Areas of Expertise
- Critical Legal Theory
- Economics and the Law
- Family Law
- Feminist Legal Theory
- Gender and the Law
- Political Economy and the Law
- Public Law and Legal Theory
- Queer Theory
- Sexuality and the Law
- Women and the Law
Maxine Eichner, who joined the faculty in 2003, writes on issues at the intersection of law and political theory, focusing particularly on family relationships, social welfare law and policy; feminist theory; sexuality; and the relationship of the family, the workplace, and market forces. Professor Eichner is the author of The Free-Market Family: How the Market Crushed the American Dream (and How It Can Be Restored) (OUP, 2020), winner of the 2021 PROSE award for best scholarly work on economics, which considers the harsh effects that market forces are having on American families today, as well as The Supportive State: Families, Government, and America’s Political Ideals (OUP, 2010). In addition, she has written numerous articles and chapters for law reviews, peer-reviewed journals, and edited volumes on law and political theory, and was an editor of a family law casebook.
Eichner is currently involved in several law reform projects. She was the Reporter for the Uniform Law Commission’s Uniform Deployed Parents Custody and Visitation Act, which has now been passed in ten states. She is a member of the American Law Institute and an advisor on the ALI’s Restatement of the Law: Children and the Law project. She has been recognized for her service work through being named Professor of the Year by the law school’s Pro Bono Program, and receiving an Equality Champion Award from Equality North Carolina. She is also working to prevent unjust charges of medical child abuse from being filed against parents through the UNC School of Law Medical Child Abuse Initiative and MitoAction’s Medical Child Abuse Task Force. Read her New York Times op-ed on this issue.
Before joining UNC School of Law, Eichner attended Yale College and Yale Law School, where she was an articles editor of the Yale Law Journal. After law school, she held a Women’s Law and Public Policy Fellowship through Georgetown Law School, clerked for Judge Louis Oberdorfer in the United States District Court for the District of Columbia, and then clerked for Judge Betty Fletcher in the United States Court of Appeals for the Ninth Circuit. She subsequently practiced civil rights, women’s rights, and employment law for several years at the law firm of Patterson, Harkavy, and Lawrence in Raleigh, N.C. She then entered graduate school in the political science department at UNC, eventually earning a Ph.D. in political theory while on the law school’s faculty. In the course of her Ph.D. study, she held a fellowship in public affairs at the Miller Center of the University of Virginia.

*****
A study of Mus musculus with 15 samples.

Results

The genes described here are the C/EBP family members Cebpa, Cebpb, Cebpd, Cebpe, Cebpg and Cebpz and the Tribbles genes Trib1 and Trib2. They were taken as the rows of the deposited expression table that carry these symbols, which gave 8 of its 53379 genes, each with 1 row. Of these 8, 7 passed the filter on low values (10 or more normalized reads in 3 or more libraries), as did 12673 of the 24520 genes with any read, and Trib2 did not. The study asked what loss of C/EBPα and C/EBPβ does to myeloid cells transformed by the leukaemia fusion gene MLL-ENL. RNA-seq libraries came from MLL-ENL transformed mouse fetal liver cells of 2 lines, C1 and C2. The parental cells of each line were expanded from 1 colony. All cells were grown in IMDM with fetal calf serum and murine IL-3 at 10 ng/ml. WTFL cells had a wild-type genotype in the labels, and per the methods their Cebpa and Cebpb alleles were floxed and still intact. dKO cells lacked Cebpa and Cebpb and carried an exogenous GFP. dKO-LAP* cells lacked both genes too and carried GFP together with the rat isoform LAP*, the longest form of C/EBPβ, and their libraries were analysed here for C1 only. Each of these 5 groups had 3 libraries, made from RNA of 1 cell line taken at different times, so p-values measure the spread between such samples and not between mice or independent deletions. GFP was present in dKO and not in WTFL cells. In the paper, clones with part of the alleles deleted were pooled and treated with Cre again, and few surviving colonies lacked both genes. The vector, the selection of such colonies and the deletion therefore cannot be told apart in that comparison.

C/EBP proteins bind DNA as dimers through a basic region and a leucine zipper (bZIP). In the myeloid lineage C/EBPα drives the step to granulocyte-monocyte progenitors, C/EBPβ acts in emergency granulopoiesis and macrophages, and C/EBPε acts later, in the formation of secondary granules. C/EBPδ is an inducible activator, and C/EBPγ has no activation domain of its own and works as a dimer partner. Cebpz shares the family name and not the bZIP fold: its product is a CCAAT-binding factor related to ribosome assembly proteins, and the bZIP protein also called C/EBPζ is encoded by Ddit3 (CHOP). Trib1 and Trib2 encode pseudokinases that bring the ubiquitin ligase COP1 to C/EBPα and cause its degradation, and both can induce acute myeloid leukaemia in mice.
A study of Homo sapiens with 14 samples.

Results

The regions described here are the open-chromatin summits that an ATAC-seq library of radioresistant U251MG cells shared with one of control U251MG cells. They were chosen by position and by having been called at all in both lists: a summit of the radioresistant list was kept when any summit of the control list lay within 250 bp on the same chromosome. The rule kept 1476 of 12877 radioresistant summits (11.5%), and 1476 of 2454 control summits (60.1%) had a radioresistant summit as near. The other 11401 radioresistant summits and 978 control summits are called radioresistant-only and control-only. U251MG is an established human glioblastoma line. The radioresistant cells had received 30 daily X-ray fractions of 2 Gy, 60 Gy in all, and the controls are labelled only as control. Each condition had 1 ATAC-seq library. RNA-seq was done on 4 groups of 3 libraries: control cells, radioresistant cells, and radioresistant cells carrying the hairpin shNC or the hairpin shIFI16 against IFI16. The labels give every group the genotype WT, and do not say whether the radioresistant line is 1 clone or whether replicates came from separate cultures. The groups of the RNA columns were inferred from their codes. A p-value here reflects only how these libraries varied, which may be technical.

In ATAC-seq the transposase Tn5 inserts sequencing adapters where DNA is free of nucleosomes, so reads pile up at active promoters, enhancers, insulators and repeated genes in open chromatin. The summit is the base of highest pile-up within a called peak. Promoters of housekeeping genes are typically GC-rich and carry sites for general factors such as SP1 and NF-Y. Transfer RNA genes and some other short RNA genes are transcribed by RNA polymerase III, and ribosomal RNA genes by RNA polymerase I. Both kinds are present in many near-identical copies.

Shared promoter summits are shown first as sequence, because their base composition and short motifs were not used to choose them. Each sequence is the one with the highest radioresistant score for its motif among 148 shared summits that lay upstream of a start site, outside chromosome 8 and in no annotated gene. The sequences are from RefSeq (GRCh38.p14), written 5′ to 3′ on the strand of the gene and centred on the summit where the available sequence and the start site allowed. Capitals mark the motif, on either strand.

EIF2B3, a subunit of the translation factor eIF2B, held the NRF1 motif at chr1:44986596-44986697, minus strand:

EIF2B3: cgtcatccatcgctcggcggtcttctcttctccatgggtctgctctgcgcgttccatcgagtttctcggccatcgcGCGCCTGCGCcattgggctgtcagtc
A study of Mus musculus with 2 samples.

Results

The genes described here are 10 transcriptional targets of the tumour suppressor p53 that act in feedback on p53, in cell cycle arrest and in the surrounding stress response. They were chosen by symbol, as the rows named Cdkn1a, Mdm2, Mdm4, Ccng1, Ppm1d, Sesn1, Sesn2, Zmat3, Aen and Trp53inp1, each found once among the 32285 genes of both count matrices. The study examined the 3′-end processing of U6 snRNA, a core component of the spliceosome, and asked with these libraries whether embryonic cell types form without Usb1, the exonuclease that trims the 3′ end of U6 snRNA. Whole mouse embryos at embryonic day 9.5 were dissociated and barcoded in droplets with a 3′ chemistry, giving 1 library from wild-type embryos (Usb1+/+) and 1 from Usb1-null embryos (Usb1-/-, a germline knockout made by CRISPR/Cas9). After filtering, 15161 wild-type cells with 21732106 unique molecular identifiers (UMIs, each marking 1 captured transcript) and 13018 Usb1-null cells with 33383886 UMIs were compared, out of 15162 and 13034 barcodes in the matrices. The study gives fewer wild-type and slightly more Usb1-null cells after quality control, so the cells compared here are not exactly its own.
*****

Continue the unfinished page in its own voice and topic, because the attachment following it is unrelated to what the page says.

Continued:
Read Eichner’s essays in the special feminist legal theory issue of Studies in Law, Politics, and Society.
- Ph.D., University of North Carolina at Chapel Hill (2006)
- M.A., University of North Carolina at Chapel Hill (1997)
- J.D., Yale University (1988)
- B.A. (magna cum laude), Yale University (1984)
The Free-Market Family: Liberalism, Families, and Government’s Responsibility to Regulate the Market, in CARING FOR LIBERALISM: DEPENDENCY AND LIBERAL POLITICAL THEORY (Asha Bhandary & Amy Baehr eds., 2021).
THE FREE-MARKET FAMILY: HOW THE MARKET CRUSHED THE AMERICAN DREAM (AND HOW IT CAN BE RESTORED) (Oxford Univ. Press 2020).
HQ536 .E349 2020
Pluralization of Families, in International Panel
on Social Progress, Report on Rethinking Society for the Twenty-First Century (Cambridge Univ. Press 2018).
HN18.3 .I568 2018
Market-Cautious Feminism, 69 STUDIES IN LAW, POLITICS, AND SOCIETY 141, SPECIAL ISSUE: FEMINIST LEGAL THEORY (Austin Sarat, ed., 2016).